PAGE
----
While some bemoan the effect of the Internet on reading, I’m among those who celebrate it. Since the advent of the Internet, I’ve discovered many writers and books that I simply never would encounter otherwise, many of which are no longer on the shelves of our libraries.
Premier among those invaluable sources for me is the free audiobook library, LibriVox. That’s where I found Zona Gale’s Christmas: A Story, now second only to A Christmas Carol in my holiday rituals. You can find audio versions on LibriVox and Hoopla, and an ebook on Project Gutenberg, but not, so far as I can find, in any public library in California.
Another writer I discovered on LibriVox is Mary Elizabeth Braddon (1835 –1915). Braddon published 80 books, many in the sensation genre that Little Women‘s Jo March published anonymously in the Weekly Volcano. Braddon wrote her own version of Madame Bovary — The Doctor’s Wife — which includes a satire on her own profession of sensation novelist and a much more satisfying plot line than Gustav Flaubert’s.
There’s no sensationalism in Braddon’s The Christmas Hirelings, and you will likely guess the plot in the first few chapters. But it’s a story that’s pleasing to all ages.
Facing the dispiriting prospect of another dull Christmas, Sir John Kenyon and his aging relatives decide to hire some children to enliven the Kenyon hearth for the holidays. Children are hired and lead to the reconciliation of a broken family.
You can find it at Amazon, LibriVox and a Project Gutenberg ebook, but, again, not in any California public library.
There are several versions of the folktale about how spiders brought the gift of tinsel to our Christmas trees.
In The Spider’s Gift, children’s author Eric Kimmel retells the Ukrainian version of the story. A widow and her children are looking at a sad Christmas Day because they’re so poor they can’t afford even to decorate the Christmas tree. The spiders hear the children crying and decide to decorate the Christmas tree themselves with beautifully patterned webs.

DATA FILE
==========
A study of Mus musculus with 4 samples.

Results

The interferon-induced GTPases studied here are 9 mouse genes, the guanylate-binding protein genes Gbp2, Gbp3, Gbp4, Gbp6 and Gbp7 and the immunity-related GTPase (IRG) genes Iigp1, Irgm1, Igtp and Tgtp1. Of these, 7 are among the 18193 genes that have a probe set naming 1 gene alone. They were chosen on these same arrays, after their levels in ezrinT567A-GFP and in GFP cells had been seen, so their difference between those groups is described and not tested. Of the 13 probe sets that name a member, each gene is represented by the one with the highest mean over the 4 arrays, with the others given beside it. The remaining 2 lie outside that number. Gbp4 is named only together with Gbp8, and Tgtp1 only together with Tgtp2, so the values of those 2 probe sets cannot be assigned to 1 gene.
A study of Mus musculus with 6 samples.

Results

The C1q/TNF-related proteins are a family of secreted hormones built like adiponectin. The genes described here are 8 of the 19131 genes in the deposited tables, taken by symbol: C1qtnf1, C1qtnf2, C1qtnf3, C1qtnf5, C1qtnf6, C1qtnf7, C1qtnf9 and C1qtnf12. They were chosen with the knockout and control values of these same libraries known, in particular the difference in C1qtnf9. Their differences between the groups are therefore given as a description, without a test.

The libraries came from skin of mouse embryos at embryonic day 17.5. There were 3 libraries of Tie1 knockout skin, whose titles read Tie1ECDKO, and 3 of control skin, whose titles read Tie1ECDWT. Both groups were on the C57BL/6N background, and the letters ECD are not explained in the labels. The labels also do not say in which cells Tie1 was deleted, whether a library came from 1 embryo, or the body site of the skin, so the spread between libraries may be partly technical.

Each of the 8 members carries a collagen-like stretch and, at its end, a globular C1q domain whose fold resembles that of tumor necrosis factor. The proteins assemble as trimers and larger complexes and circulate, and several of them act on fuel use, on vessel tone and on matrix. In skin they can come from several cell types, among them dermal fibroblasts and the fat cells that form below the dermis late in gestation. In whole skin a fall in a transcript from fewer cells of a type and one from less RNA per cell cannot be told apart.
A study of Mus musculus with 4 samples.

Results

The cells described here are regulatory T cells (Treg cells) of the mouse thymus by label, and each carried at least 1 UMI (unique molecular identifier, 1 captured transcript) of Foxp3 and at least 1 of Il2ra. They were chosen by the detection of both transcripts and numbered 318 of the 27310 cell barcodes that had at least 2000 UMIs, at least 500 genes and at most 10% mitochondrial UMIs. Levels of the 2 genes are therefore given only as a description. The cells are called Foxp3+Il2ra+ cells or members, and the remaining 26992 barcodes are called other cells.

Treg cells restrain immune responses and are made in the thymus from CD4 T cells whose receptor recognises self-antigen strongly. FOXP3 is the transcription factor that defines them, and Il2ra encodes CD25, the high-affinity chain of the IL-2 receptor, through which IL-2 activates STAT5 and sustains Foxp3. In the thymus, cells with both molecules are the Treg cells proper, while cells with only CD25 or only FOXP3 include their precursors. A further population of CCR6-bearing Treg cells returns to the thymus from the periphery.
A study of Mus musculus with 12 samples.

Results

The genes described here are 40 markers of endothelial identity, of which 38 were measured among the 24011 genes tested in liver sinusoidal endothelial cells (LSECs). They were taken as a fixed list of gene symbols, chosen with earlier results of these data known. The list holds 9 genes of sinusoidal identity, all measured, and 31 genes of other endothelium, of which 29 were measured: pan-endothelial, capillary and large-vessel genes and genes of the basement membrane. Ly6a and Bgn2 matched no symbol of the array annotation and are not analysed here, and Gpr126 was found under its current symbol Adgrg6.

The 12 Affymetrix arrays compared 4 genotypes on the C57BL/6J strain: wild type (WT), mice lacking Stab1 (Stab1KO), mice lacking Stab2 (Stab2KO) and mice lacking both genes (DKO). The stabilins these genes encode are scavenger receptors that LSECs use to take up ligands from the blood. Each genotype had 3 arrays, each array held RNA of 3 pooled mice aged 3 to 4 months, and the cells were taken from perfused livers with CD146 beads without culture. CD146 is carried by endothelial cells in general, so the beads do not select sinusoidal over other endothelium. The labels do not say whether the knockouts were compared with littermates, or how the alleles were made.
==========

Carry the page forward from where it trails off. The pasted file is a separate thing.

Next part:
Kimmel is also the author of Herschel and the Hanukkah Goblins, telling the Jewish folktale of Herschel of Ostrapol who, over the eight nights of Hanukkah, cleverly defeated goblins that haunted the town synagogue. Herschel is a legendary trickster, in the pedigree of Africa’s Anansi the Spider, Scandinavia’s Loki, the Native Americans’ Coyote, the African Americans’ Br’er Rabbit and Germany’s Till Eulenspiegel.
Both books are available at the Santa Clara City Library.
Christmas 1941 came little more than two weeks after the attack on Pearl Harbor, and while Americans celebrated Christmas as usual, the shadow of war was already over them.
In Pearl Harbor Christmas, historian Stanley Weintraub captures the days between Pearl Harbor and New Year’s 1942 when President Franklin Roosevelt and British Prime Minister Winston Churchill lit the White House Christmas Tree and mapped out the strategy that would lead to victory in World War II.
You can find it at the Sunnyvale, Palo Alto, San Mateo and San Francisco libraries, as well as an audiobook on Libby.
And now for something entirely different, as Monty Python would say: In 2010, Bay Area biosciences company ATUM published a parody research paper on the Carolome: Functional Imprints of Culture Memes in the Global Genome from the team of Santa Claes, Feliz Navidad2, 10 N. Baum, et. al. in the Proceedings of the National Academy of Sciences, North Pole.
“We here have made a concerted effort to systematically identify all Christmas carols deposited in the sequence data. We here name this field of research Carolomics. The most abundant entry in the Carolome is ‘Deck the Halls’…The second most prevalent carol in the Carolome is ‘I Saw Mommy Kissing Santa Claus’ found in 17 genomes including that of the wine grape suggesting a genetic link between mulled wine…and Christmas celebration.”
Note for readers: In the age of ebooks, having multiple public library cards makes a lot of sense because of different digital collections. I have cards for the Santa Clara city, Santa Clara county, San Jose and San Francisco libraries.